Drivers of Subaru brand vehicles generally find them to be reliable, dependable cars that are easy to handle and fun to drive. However, even the most reliable cars need repairs and maintenance work every now and then. Many different vehicle brands have common problems or repairs associated with them, and Subarus are no different. Below are some of the most common problems with this vehicle brand and the Subaru repair jobs that will fix these problems and get the car running as good as new again. |
In the hot summer months, some drivers complain that the air in their vehicles is blowing too hot, even when they have the air conditioning on. The cause of this problem is most often a worn-out O-ring. O-rings seal the air conditioning system, and the whole system can leak if the ring wears out. This problem can be fixed by replacing or repairing the O-ring after the leak has been identified. Once this step has been performed, the mechanic can recharge the air conditioning system with refrigerant so that cool air can once again circulate through the vehicle.
Another common Subaru repair job is to replace the C/V axle, which connects the transmission to the wheels. Each axle has an inner and outer joint, and the joints are lubricated with grease that is contained within rubber boots. The inner joint boot, commonly known as a Double Offset Joint or DOJ, sits in close proximity to the exhaust pipes. This puts it at risk of splitting open and leaking grease onto the exhaust as the axle spins. This problem needs to be caught early so a mechanic can replace the DOJ boot. If left unnoticed, the entire axle may need to be replaced.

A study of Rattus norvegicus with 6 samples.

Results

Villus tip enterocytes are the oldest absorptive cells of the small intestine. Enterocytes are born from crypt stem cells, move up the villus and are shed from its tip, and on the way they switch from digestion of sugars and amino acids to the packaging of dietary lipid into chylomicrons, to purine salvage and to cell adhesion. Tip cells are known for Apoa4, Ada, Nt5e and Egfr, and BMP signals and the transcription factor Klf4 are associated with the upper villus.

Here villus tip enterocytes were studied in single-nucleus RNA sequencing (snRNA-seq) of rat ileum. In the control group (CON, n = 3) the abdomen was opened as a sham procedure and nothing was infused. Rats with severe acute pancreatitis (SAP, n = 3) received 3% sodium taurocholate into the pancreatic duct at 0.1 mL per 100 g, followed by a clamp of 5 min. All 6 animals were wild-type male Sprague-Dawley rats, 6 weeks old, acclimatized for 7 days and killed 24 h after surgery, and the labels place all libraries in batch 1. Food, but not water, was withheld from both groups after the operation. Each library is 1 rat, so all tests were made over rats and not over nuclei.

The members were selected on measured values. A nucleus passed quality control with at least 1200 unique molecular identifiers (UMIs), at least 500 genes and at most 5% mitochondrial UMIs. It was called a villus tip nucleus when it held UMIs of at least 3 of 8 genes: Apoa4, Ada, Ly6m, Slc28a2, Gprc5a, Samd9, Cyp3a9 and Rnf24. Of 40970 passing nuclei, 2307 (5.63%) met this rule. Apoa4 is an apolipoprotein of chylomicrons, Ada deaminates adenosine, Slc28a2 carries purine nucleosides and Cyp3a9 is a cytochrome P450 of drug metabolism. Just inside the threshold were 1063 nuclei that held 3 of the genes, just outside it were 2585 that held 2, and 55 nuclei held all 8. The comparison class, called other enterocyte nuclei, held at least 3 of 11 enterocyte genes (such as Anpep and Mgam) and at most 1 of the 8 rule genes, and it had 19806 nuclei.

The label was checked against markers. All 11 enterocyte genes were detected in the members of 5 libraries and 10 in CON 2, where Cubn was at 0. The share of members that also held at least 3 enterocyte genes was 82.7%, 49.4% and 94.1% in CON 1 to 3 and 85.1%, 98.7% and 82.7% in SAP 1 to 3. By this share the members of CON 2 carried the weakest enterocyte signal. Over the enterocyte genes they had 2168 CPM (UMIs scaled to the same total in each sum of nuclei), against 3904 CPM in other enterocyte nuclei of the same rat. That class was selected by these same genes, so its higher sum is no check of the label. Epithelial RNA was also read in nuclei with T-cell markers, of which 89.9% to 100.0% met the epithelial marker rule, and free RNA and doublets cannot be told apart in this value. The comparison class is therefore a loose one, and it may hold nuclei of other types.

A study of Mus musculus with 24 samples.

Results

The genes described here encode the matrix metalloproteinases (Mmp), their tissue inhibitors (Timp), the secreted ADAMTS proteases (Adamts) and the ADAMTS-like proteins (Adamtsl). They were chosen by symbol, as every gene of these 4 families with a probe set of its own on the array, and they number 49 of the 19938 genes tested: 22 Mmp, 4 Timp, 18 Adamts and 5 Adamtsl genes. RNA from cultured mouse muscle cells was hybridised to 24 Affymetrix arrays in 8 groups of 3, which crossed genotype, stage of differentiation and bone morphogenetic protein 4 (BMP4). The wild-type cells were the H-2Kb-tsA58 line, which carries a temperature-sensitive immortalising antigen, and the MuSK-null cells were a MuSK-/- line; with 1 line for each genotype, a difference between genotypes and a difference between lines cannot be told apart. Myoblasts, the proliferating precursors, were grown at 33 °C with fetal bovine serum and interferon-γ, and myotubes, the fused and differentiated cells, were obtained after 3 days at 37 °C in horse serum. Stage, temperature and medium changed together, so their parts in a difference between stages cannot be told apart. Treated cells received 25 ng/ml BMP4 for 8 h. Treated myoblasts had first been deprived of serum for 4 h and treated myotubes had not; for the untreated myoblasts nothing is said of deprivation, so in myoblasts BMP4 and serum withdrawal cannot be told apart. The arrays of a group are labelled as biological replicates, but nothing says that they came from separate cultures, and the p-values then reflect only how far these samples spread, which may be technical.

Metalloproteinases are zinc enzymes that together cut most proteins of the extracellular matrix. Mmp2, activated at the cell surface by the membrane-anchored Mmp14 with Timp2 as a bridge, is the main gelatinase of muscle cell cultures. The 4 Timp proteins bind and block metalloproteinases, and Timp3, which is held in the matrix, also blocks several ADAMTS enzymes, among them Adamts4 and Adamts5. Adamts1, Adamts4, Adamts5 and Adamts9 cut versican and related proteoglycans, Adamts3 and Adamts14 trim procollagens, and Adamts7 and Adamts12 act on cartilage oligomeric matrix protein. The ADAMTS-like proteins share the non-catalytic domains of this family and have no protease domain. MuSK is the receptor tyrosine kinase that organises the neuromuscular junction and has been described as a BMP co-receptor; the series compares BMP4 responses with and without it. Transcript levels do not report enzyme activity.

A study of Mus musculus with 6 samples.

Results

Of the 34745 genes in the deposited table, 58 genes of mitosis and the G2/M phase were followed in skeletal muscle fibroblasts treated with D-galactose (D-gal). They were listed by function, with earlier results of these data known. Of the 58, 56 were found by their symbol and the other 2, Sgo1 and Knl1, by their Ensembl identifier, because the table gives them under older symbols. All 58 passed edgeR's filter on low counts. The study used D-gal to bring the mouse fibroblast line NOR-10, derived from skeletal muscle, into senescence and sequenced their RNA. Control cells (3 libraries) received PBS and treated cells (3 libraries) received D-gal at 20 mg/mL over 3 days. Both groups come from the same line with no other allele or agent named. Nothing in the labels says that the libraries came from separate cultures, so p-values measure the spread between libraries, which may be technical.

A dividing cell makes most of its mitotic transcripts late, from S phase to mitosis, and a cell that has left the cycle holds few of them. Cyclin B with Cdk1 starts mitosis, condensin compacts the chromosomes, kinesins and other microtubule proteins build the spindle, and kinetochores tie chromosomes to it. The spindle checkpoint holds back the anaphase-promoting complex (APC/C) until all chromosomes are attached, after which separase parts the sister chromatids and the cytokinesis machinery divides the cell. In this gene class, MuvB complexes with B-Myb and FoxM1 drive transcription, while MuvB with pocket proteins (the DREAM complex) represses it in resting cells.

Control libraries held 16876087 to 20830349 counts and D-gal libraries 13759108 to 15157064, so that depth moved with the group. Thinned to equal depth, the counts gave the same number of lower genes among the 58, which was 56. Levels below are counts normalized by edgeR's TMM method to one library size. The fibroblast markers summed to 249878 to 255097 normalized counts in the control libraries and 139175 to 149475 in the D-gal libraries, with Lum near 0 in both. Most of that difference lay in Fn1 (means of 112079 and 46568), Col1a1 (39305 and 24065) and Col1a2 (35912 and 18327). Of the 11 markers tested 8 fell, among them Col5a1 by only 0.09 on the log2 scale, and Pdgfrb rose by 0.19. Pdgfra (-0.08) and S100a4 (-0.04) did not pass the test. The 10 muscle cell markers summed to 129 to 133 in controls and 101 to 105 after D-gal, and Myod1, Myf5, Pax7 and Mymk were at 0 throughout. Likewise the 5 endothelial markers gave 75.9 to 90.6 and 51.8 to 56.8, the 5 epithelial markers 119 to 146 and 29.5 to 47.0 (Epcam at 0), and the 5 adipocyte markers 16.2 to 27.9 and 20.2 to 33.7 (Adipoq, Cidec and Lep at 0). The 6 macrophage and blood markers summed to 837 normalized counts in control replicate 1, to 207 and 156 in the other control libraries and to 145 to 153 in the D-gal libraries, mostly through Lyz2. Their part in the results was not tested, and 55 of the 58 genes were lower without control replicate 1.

Another common Subaru repair job is replacing the rubber suspension components such as belts, control arm bushings, and sway bar bushings. These bushings can crack and wear out over time, which makes it very important to have them looked at each time you come in for an inspection. The risk is even higher in dry climates, which often accelerate the process and cause the bushings to crack sooner than they would in a more humid climate.
Additionally, some makes and models are also prone to head gasket leaks. The head gasket contains engine oil and coolant passages. If head gaskets fail, fluid can leak inside or outside of the engine. If your vehicle has low coolant or oil levels, has been overheating, or smells like it's burning, it may have a head gasket leak. The burning smell occurs when the engine oil or coolant drips down onto the hot exhaust. Generic leak stop products may cause clogs, so it's best to bring the vehicle in and have the head gasket replaced if a leak occurs.
For a subaru repair, Portland residents rely on Dan's Auto Center. Learn more at http://www.dansautocenter.com.